Ride-hailing giant Didi finally offers an English language option for foreigners in China

There’s good news for foreigners living in, or visiting, China after Didi Chuxing — the local ride-sharing leader — added support for English language and overseas credit cards to its service for the first time.

Didi, which processes more 20 million rides a day across its various services, has always been a tricky one for non-Mandarin speakers and visitors. Personally, I’ve never been able to take a ride when I’ve visited China unless I use a friend’s app. Worse still, Didi removed international language and payment support from the Uber China — which did support English — not long after it announced plans to buy its U.S. rival’s Chinese business. That left no ride-hailing option for non-Mandarin readers.

There’s some relief now since Didi has introduced an English user interface for its three most popular services — ‘Taxi,’ ‘Premier’ private cars, and ‘Express’ pooling — in three initial cities, Beijing, Shanghai and Guangzhou, with more to come soon. Didi said it now supports “major” international credit cards, offers bilingual customer support over email and phone, and enables sign-up via mobile numbers from 12 countries. It also touted “real-time, in-app instant text messaging translation” between driver and passenger to help smooth out language issues, which are commonplace when you deal with taxi drivers in China and are not fluent in the local language. We’ll reserve full judgement until we are able to test these new options in the wild.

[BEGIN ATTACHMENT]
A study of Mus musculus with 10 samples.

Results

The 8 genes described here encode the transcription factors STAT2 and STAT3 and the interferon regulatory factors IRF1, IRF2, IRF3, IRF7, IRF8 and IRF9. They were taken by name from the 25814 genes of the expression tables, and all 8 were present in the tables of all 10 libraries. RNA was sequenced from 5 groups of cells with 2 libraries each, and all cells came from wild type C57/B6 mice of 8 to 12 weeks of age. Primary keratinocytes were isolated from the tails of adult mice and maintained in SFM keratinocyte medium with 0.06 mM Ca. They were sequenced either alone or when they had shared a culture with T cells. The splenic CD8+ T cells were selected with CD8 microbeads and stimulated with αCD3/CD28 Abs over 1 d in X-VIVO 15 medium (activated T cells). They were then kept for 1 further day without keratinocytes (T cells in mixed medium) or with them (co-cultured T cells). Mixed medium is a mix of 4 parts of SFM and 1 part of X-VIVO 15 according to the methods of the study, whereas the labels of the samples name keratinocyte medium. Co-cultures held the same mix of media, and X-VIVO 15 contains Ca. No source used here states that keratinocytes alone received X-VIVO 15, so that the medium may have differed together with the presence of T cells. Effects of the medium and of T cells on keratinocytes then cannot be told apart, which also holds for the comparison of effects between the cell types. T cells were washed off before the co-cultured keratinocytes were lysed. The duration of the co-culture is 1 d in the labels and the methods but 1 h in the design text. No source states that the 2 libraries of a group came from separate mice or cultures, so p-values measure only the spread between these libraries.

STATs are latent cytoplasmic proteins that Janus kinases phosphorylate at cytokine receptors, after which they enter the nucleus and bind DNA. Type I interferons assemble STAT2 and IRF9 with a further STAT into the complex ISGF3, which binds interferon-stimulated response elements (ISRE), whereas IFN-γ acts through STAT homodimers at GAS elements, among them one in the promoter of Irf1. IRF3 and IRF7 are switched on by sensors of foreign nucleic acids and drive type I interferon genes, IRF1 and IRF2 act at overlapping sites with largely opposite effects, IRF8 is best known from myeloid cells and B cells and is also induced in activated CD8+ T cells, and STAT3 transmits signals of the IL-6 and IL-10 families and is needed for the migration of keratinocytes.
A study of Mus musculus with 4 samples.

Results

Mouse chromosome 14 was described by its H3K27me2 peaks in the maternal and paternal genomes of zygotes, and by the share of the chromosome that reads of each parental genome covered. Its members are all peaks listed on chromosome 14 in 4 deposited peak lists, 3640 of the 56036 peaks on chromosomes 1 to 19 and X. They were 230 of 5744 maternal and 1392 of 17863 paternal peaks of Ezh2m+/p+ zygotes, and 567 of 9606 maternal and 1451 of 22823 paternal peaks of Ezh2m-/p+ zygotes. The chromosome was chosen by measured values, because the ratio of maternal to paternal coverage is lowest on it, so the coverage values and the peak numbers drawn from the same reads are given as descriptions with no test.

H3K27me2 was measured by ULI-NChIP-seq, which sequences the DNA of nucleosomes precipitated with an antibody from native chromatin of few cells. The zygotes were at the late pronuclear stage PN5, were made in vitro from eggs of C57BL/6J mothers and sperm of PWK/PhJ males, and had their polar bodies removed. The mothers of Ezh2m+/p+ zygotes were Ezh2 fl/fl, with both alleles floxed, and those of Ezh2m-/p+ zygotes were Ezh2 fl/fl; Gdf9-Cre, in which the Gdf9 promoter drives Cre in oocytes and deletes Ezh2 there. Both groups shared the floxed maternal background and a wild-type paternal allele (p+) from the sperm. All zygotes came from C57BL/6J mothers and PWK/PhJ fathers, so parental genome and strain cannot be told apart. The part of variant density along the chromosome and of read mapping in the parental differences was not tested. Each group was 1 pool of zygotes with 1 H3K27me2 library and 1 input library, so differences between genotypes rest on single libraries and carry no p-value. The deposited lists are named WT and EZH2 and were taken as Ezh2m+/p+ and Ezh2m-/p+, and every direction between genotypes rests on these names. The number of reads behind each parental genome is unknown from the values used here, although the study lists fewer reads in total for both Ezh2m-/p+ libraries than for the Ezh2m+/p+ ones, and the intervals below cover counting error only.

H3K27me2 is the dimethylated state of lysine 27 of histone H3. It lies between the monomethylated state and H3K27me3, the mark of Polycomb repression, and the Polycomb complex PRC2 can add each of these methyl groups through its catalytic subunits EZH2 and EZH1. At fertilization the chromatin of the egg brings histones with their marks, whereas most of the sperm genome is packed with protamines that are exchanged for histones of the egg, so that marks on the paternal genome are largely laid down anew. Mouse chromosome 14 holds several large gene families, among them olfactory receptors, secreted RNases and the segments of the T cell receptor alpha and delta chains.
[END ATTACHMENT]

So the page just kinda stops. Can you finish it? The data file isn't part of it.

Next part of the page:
Although some of these features have been tested in beta since February, Didi didn’t comment on when it will enable similar options in the Uber China app.

Didi made its name operating in China, despite making investments in Uber competitors in the U.S., India, Southeast Asia and South America, but recently it confirmed it is working on an international strategy. The firm said its colossal $5.5 billion financing round — completed at a $50 billion valuation last month — will be used to “support its global strategy.” Exacts details of what that actually entails are unclear at this point, but Didi said again that today’s update will “advance” its internationalization plan.

Beyond catering to foreigners living in China — which best estimates tag at just under one million people — today’s news makes it possible for Didi to begin building a brand among non-China-based users. The update itself is unlikely to send non-China residents rushing to the app stores, but the fact that they can at least use the app when they are in the country gives Didi something to market in the future as and when it is ready to.